Cyrtophora moluccensis, Cyrtophora hirta, Cyrtophora exanthematica, family Araneidae
Female Dome web spider (Cyrtophora moluccensis).
The Dome Tent spider, (Cyrtophora moluccensis) is the largest spanning the width of a man's hand. The long body is strongly variable in colour with a broad black to rusty red stripe for most of the back and bright yellow and white spots along the edges.
The Russian Tent spider (Cyrtophora hirta) is a rarely seen small pale spider with an oval body usually hiding in the white cap at the top of the tent-like web.
Scoop web spiders (Cyrtophora exanthematica) have a brown long triangular body that is difficult to find among the cluster of dead leaves.
The Scoop and Dome web spiders are found from Coffs Harbour northward to Cape York. Russian tent spiders seem quite common for much of the east coast.
Tent spiders have modified the circular web into a dome, spiked tent or broad scoop. The web is the most diagnostic feature of the species.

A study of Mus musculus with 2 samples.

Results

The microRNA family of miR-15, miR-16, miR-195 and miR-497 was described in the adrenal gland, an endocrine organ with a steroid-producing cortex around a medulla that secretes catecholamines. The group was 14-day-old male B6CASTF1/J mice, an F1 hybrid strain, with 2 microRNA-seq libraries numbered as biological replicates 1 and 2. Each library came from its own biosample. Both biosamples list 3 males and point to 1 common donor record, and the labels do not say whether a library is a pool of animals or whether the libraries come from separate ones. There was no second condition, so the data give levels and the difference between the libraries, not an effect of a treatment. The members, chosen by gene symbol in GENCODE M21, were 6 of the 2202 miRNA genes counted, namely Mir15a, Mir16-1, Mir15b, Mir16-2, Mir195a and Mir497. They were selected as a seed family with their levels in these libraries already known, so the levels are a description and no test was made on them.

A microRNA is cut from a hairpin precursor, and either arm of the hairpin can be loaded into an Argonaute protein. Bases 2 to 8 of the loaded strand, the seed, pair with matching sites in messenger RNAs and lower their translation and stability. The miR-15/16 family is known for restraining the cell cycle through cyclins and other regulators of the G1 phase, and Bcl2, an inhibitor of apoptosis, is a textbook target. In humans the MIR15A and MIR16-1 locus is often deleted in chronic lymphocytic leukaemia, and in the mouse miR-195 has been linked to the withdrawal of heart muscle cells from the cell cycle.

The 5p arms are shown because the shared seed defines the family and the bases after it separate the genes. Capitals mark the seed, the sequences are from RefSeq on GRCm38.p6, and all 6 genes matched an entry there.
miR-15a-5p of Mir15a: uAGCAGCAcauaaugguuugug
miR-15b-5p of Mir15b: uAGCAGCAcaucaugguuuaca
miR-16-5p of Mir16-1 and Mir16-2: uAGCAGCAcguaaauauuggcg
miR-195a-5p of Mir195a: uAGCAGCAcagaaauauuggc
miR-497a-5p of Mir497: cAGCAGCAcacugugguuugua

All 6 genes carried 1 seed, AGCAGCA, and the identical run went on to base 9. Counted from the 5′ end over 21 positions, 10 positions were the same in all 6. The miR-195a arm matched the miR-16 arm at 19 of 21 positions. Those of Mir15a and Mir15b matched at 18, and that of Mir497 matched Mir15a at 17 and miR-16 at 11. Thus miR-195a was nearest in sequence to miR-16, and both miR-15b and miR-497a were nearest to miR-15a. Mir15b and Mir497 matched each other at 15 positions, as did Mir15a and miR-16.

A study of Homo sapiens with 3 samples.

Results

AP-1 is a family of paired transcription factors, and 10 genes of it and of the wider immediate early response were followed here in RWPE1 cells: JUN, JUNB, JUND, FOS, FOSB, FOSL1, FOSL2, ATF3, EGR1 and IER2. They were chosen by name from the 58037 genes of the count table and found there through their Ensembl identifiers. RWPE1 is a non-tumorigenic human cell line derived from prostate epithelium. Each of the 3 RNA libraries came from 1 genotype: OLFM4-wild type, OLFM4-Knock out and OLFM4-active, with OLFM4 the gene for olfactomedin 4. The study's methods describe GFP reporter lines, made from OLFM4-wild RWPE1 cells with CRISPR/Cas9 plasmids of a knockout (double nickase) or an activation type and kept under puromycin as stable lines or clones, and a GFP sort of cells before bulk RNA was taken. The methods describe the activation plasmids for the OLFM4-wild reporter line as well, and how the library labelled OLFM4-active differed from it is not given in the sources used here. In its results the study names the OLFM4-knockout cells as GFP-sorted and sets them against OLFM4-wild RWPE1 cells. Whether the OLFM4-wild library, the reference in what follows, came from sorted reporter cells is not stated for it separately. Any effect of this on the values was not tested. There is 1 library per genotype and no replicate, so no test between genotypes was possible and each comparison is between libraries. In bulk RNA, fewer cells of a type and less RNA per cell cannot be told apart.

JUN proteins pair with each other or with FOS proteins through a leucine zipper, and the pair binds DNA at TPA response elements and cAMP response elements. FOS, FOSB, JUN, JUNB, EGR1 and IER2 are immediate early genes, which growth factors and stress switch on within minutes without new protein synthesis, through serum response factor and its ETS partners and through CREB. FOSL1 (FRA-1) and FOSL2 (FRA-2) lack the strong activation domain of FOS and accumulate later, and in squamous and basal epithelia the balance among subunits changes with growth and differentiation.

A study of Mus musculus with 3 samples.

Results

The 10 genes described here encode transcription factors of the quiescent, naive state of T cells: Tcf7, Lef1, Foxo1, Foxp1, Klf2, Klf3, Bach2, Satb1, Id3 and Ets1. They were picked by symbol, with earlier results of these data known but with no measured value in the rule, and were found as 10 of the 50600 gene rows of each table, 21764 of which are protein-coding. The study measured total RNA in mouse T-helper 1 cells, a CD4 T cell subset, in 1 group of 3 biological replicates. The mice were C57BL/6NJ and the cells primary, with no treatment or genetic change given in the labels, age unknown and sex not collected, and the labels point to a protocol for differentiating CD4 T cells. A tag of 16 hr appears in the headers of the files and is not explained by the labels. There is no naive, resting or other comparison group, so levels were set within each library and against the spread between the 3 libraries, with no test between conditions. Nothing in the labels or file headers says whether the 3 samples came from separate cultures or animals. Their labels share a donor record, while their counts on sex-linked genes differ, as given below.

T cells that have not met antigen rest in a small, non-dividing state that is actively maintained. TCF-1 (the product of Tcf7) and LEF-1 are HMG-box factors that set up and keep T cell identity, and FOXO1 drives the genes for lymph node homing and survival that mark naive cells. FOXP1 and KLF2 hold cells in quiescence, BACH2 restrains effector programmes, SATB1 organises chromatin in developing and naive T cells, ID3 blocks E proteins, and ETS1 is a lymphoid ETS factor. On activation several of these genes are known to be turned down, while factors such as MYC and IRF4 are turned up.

The Dome Tent spider builds a large dome-shaped web from 30-60cm across with a long tangle of web above the dome and a small tangle below. The female hunts from the top of the dome where she lays her eggs in a long bean-like and attempts to fend off the large flesh flies (Sarcophagidae) that parasitise them. From about Rockhampton northward, these spiders form massive colonies as big as houses.
Small (up to 20cm diameter) webs of the Russian Tent spider are often seen over marshland where they reflect the early morning and late afternoon sun. The web has a strongly conical tip and the tangle web around it is less obvious.
The Scoop web spider builds long (20-40cm) scoop-shaped webs along branches. The spider hunts under the scoop and hides at one end.
No bites have been confirmed from any species.